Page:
New Delhi: The Supreme Court on Friday asked chief justices or acting chief justices of all high courts to set up anti-sexual harassment committees in courts across the country within two months in accordance with a 2013 law.
The top court’s order came on a petition filed by a practising woman advocate who alleged that she was assaulted by some lawyers observing a strike at the Tis Hazari district court complex.
It also requested Acting Chief Justice Gita Mittal of the Delhi High Court to constitute the panel in the high court and in all district courts in the national capital within a week.
The bench, headed by Chief Justice Dipak Misra and comprising Justices AM Khanwilkar and DY Chandrachud, asked the woman lawyer and the Bar leaders to amicably settle their disputes and directed that advocates from both sides should not be arrested in connection with the two cross FIRs filed by them against each other.
The bench asked the crime branch of Delhi Police to investigate the cross-complaints filed by the lawyers.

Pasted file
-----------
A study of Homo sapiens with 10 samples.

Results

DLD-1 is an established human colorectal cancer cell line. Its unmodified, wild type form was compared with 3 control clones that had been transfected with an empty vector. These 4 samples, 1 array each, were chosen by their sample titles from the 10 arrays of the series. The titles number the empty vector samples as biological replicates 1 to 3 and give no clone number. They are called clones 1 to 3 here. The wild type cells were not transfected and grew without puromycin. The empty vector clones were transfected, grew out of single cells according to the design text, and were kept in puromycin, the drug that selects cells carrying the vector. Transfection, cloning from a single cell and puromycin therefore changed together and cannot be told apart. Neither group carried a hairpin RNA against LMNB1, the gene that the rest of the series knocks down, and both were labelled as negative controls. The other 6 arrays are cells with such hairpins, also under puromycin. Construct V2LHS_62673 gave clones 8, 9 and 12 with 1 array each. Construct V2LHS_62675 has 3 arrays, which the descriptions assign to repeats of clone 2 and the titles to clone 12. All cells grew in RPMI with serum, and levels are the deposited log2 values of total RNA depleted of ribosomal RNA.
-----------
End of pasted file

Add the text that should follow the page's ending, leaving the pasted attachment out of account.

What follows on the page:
The bench transferred the trials, which would arise from the two cross FIRs to the Patiala House district court in New Delhi and asked the Bar leaders not to interfere with the administration of justice.
The bench then disposed of a writ petition filed by the lady lawyer against the advocates and some members of Delhi Bar Association for allegedly assaulting her.
The Sexual Harassment of Women at Workplace (Prevention, Prohibition, and Redressal) Act of 2013 requires every workplace to set up committees to probe sexual harassment complaints.
The law requires workplaces to form Internal Complaints Committees to hear cases of sexual harassment at work. For workplaces with fewer than 10 employees, or when the employer himself is accused, district officers are required to form “local committees” to receive the complaints under the law’s Section 6.